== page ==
China unexpectedly restricts the import of scrap metals. Trump may be imposing new duties on Chinese aluminium sheet products. And did you know that a tribe in Africa, the Haya, created the world’s first carbon steel as far back as 100AD? Here’s the news from Metalex, your trusted Aluminium Suppliers, Carbon Steel Suppliers and Metal Stockists.
Scrap metal imports restricted by China
Scrap firms all over the world have been freely shipping red metal scrap to China for recycling. Now they’ve been left hanging thanks to China’s unexpected new restrictions on scrap imports. And the import bans are contributing to an equally unexpected slowdown in the worldwide supply of copper, a problem that has hit Asia particularly hard.
The Shanghai Futures Exchange, London Metal Exchange and Chicago-based COMEX market are all suffering low inventory and exchange pricing is flat, but physical premiums are actually rising as Asian copper producers, sellers and buyers do their best to adapt to the fast-changing dynamics of the scrap sector. August’s 25% US scrap tariffs didn’t help matters. Now China has placed new restrictions on the purity of copper scrap imports, an act that has slowed down the overall movement of the metal worldwide.
In the past China transformed imported red scrap into refined copper, which was quickly fed back into the market. Now the lack of scrap means there’s a real restriction on finished copper availability in Asia, which could easily spread to affect other regions.
During 2017 and into this year, a growing number of SMEs in China’s recycling sector have moved their processing operations abroad to places like Malaysia, Vietnam, Thailand, Taiwan and Japan. Rumour has it these countries might be the latest focus for Chinese investment, a prediction that might see governments in these countries also getting feisty about scrap imports, potentially leading them to make sudden, potentially disastrous policy changes of their own.
China’s government has hinted it might ban all scrap imports by the end of 2020. On the other hand such a drastic decision would probably cause chaos in their domestic refined metals market, ushering in difficulties throughout the entire copper scrap chain.
New US duties applied to Chinese aluminium sheet products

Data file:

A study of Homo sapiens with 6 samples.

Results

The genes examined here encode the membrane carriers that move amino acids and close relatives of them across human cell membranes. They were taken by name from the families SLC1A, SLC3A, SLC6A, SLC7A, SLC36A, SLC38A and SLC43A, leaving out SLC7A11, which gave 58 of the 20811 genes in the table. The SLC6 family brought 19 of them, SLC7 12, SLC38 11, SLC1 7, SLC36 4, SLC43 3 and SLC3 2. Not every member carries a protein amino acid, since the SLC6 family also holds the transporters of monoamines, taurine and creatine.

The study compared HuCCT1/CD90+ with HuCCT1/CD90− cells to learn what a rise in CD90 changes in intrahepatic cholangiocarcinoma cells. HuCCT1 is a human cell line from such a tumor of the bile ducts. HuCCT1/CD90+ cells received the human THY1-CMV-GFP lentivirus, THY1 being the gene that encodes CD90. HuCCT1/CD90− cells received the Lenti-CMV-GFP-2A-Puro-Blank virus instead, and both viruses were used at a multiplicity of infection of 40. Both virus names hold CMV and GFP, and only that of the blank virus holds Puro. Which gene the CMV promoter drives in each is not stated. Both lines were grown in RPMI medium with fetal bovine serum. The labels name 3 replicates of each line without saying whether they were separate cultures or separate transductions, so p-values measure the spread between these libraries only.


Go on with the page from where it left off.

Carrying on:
Will the US Commerce Department impose more anti-dumping and anti-subsidy duties on Chinese common aluminium sheet products? Probably. The decision is expected to affect aluminium sheet products of 96.3% to 176.2%, marking the first time final duties have been issued in a North American trade remedy case since the mid ’80s.
The reasoning behind this latest predicted tranche of duties? Apparently it’s down to a surge in ‘low-priced, unfairly traded imports of common alloy sheet from China’, a trend which has shot up around 750% over the past ten years and by almost 100% between 2014 and 2017 alone. This has led to large market share gains by Chinese imports at the ‘direct expense’ of the USA.
Trump had originally threatened a much more aggressive approach to trade enforcement, but the final aluminium sheet duties set in April and July were slashed, reduced from the original combined range of 198.4 to 280.46%.
During 2017 Chinese common alloy aluminium sheet imports reached an estimated US$900 million, used mainly for transport, construction, infrastructure, electrical and marine applications. The US International Trade Commission will make its final decision on 20th December, having already voted in and authorised the investigations during January.https://www.metalex.co.uk/wp-admin/post.php?post=3035&action=edit#
The Haya people invented carbon steel in 100AD
You thought carbon steel was a relatively modern material. Think again. Way back in 100 AD, the Haya tribe invented carbon steel. The African tribal elders were in charge of the process, which involved creating carbon from mud and grass, then combining it with iron in a sophisticated open furnace to produce the metal.
The quality of this ancient African carbon steel was remarkable, much better than the European version that didn’t arrive until centuries later. No wonder when the Haya were such an unusually sophisticated people. They grew banana, beans, coffee, tea, plantain and maize. As fine fishermen and a people who were famously talented in animal husbandry, the Haya actually traded coffee far and wide way before the invading Europeans arrived. Next time you pick up a chunk or carbon steel, give the Haya a nod of respect.